Soy milk, soy cheese, soy crisps—there is a booming market for vegan soy-based foods and a lot of supposed health authorities touting its alleged benefits. What if soy was actually a wolf in sheep’s clothing and only called a health food because its supply was so abundant? What if soy was actually not as healthy as the marketing wizards tell us? As it turns out, that’s exactly what the data suggests. Let’s pull back the curtain and shine a light of truth on soy.
Is Soy Good or Bad for You?
Soy is said to benefit everything from heart disease to menopause. But is soy a true “miracle food,” or just a bunch of hype? Many products in the United States contain soy because soy is subsidized by the US government. Soybean oil, soy protein, and soy lecithin are common ingredients in processed foods due to the sheer volume and availability of soy. It turns out that conventional soy may actually harm reproductive health, according to some studies.
Why Fermented Soy is Better
Soy is also believed to play a role in the long, healthy life span enjoyed by the Japanese people. However, this doesn’t take into account other factors such as green tea, more regular exercise, and smaller food portions. Not to mention the fact that the Japanese largely consume fermented soy, which is very different from the soy found in the modern American diet. Fermented soy milk, tofu, miso, soy sauces, tempeh, and natto can actually offer a lot of health benefits.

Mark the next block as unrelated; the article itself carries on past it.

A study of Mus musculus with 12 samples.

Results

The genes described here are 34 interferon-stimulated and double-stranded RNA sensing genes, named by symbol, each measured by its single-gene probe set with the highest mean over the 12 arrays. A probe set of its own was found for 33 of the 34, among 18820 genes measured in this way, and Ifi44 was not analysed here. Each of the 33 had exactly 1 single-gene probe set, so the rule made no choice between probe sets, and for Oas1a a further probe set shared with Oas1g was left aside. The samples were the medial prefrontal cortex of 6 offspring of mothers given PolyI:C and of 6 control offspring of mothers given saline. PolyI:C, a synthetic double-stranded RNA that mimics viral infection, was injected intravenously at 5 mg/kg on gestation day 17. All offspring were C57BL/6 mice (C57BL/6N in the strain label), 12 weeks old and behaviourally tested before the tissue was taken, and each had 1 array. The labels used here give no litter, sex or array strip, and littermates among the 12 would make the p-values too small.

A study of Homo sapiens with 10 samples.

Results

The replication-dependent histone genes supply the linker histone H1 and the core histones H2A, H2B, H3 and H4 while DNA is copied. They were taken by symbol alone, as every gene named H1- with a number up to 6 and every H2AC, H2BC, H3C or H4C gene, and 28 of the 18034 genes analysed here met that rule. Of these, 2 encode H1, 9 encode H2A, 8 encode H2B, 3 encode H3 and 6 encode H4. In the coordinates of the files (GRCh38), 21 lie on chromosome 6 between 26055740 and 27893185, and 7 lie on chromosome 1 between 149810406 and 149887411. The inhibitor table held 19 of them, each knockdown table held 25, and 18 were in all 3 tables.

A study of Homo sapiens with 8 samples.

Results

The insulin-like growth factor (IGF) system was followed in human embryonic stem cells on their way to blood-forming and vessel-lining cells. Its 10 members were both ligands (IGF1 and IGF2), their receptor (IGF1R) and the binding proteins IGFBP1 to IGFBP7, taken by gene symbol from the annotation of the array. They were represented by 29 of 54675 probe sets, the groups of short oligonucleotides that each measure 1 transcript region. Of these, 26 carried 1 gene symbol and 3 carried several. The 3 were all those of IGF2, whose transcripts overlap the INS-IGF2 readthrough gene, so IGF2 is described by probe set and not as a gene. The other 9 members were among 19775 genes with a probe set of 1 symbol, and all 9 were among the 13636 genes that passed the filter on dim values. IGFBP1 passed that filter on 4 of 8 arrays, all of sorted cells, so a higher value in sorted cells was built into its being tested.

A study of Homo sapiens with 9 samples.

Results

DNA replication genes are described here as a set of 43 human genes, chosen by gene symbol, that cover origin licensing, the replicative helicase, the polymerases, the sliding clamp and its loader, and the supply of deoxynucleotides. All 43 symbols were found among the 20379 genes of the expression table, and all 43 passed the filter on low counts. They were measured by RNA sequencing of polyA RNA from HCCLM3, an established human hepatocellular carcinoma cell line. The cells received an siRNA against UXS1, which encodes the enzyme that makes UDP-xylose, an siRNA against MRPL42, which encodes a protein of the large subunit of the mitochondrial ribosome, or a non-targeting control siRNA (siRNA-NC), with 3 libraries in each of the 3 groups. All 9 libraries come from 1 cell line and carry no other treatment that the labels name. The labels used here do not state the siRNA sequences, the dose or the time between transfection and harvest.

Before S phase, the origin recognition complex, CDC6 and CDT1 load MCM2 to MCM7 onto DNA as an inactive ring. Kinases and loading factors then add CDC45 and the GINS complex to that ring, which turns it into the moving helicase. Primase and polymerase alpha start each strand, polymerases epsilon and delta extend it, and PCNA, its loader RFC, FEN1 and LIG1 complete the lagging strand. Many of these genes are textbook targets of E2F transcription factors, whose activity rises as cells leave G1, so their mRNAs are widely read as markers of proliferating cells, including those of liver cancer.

Fermentation reduces enzyme inhibitors and makes soy’s nutrients more available.  Soy milk that has been fermented may also have a positive effect on blood lipids.  Unfermented soy products in America are deficient in isoflavones and rather loaded with toxins that can block the enzymes needed for protein digestion.
Soy is GMO
Most soybeans today are also genetically modified and sprayed with pesticides. This introduces a plethora of toxins that block the healthy absorption of essential minerals.
How to Avoid Conventional Soy
As mentioned earlier, soy is in everything. Switch to a whole foods diet and eliminate processed food, as much as you can. Watch out for products that contain lecithin, MSG, or “natural flavors” as that’s often a code word for soy. Avoid soy milk, especially if you are male. Do not feed soy-based infant formulas to your children; breastfeeding is a much better choice. Be careful of the foods that you purchase: soy meat substitutes might be obvious, but soy can be found in unlikely places like salad dressings, mayonnaise, and margarine. Read your labels carefully.
Are you concerned about the ill effects of soy? Have you taken steps to remove it from your life? Leave a comment and share your experience with us.
by Dr. Edward Group DC, NP, DACBN, DCBCN, DABFM
Source: Is Soy Good or Bad for You?
- Hurrell RF, Juillerat MA, Reddy MB, et al. Soy protein, phytate, and iron absorption in humans. Am J Clin Nutr. 1992 Sep;56(3):573-8.
- Kim Y, Yoon S, Lee SB, et al. Fermentation of soy milk via Lactobacillus plantarum improves dysregulated lipid metabolism in rats on a high cholesterol diet. PLoS One. 2014 Feb 10;9(2):e88231. doi: 10.1371/journal.pone.0088231.